Fortunately for Mittal, one of their very first pitching coaches was the real Dinesh Patel, who the production enlisted to tutor Sharma and Mittal in all things baseball even before production landed in India. Ironically, Patel, the boy who knew nothing about America's favorite pastime but went on to make history as one of two of the first Indians to be signed to play for an American baseball team, was now the baseball expert teaching two similarly inexperienced young Indian men. Mittal relished the opportunity to spend time with Patel, something he did throughout production.

"Dinesh is almost like a throwback to another time, you don't find people like him much anymore," Mittal says. "The perfect word for him is 'noble.' He cares very deeply about his people, his home and his family. He really genuinely loves them and a lot of his aspirations are driven by that. He was very easy to connect to because I also come from a very close-knit family, and whatever I am in my life I am because of my parents. My father quit his job when I was about 5 ½ and we moved to Mumbai so I could become an actor. They did so much for me I can never really repay them. So when it comes to family and how much it means, I think I identified immensely with Dinesh."

Although "Million Dollar Arm" is a fictionalized retelling of what happened to Rinku and Dinesh, Mittal felt a certain responsibility to portray his new friend with as much authenticity and accuracy as possible.

"Because I got to hang out with Dinesh, I did feel pressure because he was so nice and we got along so well," Mittal explains. "I wanted to bring out his real personality and I took huge chunks of him and tried to incorporate them into my performance. Especially in India in the beginning, I would go to him for feedback and that definitely helped."

In fact, most of the actors had the intimidating benefit of having the people they portrayed present at various points during production. Sharma didn't actually meet his doppelganger until well into principal photography but they spoke on the phone and early on, Sharma realized just how far Rinku Singh has come.

"The thing about Rinku is he does not get beaten down, doesn't let pressure get to him, he'll keep going, he'll keep smiling, he is always a funny, personable guy," Sharma says. "He has a confidence in himself, without cockiness. He just intrinsically believes in himself and certainly in his goals. Because he is a real person who is still alive, it was important to me to get his essence - and before all this happened to him, there were some basics: He wasn't as big as he is now, he didn't know much English, he's from a small town, so coming to America must have been really weird and I wondered how he adapted. So we agreed to speak on the phone and I said hello to him in Hindi and he replied something like, 'Yo, what's happening my man?' That's when I understood how adaptable and smart and driven to succeed he is. He picked up the language really fast and adopted an American outlook 100 percent."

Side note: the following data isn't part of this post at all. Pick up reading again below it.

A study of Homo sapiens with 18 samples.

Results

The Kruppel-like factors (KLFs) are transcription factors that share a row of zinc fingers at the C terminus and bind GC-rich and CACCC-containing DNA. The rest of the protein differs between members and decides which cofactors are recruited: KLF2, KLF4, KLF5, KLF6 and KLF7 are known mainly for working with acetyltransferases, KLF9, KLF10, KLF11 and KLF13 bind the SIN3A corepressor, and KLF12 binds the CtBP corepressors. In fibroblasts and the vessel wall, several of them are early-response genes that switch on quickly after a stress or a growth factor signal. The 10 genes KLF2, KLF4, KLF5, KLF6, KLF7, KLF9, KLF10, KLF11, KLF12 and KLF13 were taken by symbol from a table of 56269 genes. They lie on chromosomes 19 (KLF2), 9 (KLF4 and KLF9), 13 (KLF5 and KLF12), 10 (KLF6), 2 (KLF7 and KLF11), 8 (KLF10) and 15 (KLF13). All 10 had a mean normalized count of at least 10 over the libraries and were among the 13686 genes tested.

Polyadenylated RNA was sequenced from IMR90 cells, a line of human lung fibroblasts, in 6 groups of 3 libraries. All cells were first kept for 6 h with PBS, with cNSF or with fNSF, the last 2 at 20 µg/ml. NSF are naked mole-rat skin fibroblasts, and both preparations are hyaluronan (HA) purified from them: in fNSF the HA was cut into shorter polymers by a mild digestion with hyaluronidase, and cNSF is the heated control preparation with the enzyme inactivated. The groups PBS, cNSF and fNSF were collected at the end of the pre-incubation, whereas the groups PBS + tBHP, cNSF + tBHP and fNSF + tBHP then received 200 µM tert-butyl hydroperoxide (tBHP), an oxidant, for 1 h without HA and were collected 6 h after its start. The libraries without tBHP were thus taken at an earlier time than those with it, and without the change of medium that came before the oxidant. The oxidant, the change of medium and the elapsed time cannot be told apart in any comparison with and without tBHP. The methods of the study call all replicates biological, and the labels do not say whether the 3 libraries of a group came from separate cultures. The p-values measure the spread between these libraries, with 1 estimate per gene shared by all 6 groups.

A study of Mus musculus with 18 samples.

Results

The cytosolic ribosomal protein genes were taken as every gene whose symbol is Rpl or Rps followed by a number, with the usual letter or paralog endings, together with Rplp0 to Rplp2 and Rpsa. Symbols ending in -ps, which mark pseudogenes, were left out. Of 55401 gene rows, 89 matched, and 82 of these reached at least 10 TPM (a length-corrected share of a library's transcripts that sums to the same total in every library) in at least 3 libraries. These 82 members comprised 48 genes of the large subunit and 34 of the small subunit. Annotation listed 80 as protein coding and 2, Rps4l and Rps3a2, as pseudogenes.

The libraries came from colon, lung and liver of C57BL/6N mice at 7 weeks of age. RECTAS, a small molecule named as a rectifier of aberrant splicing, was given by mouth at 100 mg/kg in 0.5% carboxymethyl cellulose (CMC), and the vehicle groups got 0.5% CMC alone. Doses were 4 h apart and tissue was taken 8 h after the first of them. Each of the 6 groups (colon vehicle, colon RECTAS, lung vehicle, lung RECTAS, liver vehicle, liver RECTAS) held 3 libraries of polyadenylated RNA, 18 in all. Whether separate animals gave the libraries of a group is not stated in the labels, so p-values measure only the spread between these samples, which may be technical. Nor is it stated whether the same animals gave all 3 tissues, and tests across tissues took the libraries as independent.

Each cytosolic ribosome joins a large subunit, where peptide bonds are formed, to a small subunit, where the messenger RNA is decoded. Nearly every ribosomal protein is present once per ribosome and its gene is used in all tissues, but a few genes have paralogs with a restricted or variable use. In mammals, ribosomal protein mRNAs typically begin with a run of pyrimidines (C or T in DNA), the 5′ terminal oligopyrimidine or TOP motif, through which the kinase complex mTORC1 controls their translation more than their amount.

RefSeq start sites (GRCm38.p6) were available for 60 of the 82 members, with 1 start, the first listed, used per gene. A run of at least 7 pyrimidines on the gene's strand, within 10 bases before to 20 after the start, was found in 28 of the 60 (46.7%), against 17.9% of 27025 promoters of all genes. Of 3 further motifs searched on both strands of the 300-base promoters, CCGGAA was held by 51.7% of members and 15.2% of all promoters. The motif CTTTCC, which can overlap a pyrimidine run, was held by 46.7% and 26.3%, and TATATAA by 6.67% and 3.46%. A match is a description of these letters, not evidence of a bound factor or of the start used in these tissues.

However, Sharma notes, he is not portraying the powerful, tattooed Indian-American jock who switches easily between English, Spanish and Hindi that Singh has become. "Over the past three years, he has changed a lot and I had to play him when he was still fresh, when he was far more naive and mystified by American culture. I kind of had to take the guy he has become and age him backwards," Sharma says.

When he finally did meet Singh on a Georgia Tech baseball field - the Pirates lent Singh to the production for a day and a half - Sharma was amazed and a little overwhelmed by the enormous, swaggering pro athlete who strode down the bleachers like an Indian Paul Bunyan. That lasted about five seconds - the charming and ebullient Singh was thrilled to finally meet Sharma and even brought a 'Life of Pi' poster for him to sign. They hung out like long-lost brothers and Singh assured Sharma that when he began, he was skinnier and more uncoordinated in terms of baseball than Sharma ever was.

Patel echoes his friend's sentiments, saying, "Hopefully people will watch this movie and know what we have done and will aspire to do the same. India has baseball but it's not as popular as it is in America or in other parts of the world. If kids watch this and think, 'If we can do this, if we can play, so can they,' that would be great."

Then there was "The Real JB Bernstein," as he was known around the set. He first met Jon Hamm in India, where Bernstein was much more comfortable than the majority of the shooting crew. Bernstein visited the company from time to time in the States as well but he purposefully kept his distance. He wanted to give Hamm the space he needed to create the movie version of himself.

"I know I wouldn't want someone coming to my workplace, hanging around, looking over my shoulder all the time," Bernstein says. "I mean, first of all it's an honor to have Jon be involved in the movie in any way, let alone playing me. I know he had a lot of options so that he chose this role meant a lot."

Bernstein admits to experiencing several out-of-body moments watching Hamm recreate his life on set. "That first scene where Pitobash as Amit is trying to shoehorn his way into the contest and literally stalks me and volunteers to work for free, that was so spooky, it was almost like reliving the moment. And a lot of the interaction between Jon and Lake is very close to home. The stuff in the script about my transformation from serial bachelor to wanting a family and understanding that happiness comes from that is really accurate and it's weird how much both Jon and Lake got not just our mannerisms but really the crux of that metamorphosis," Bernstein says.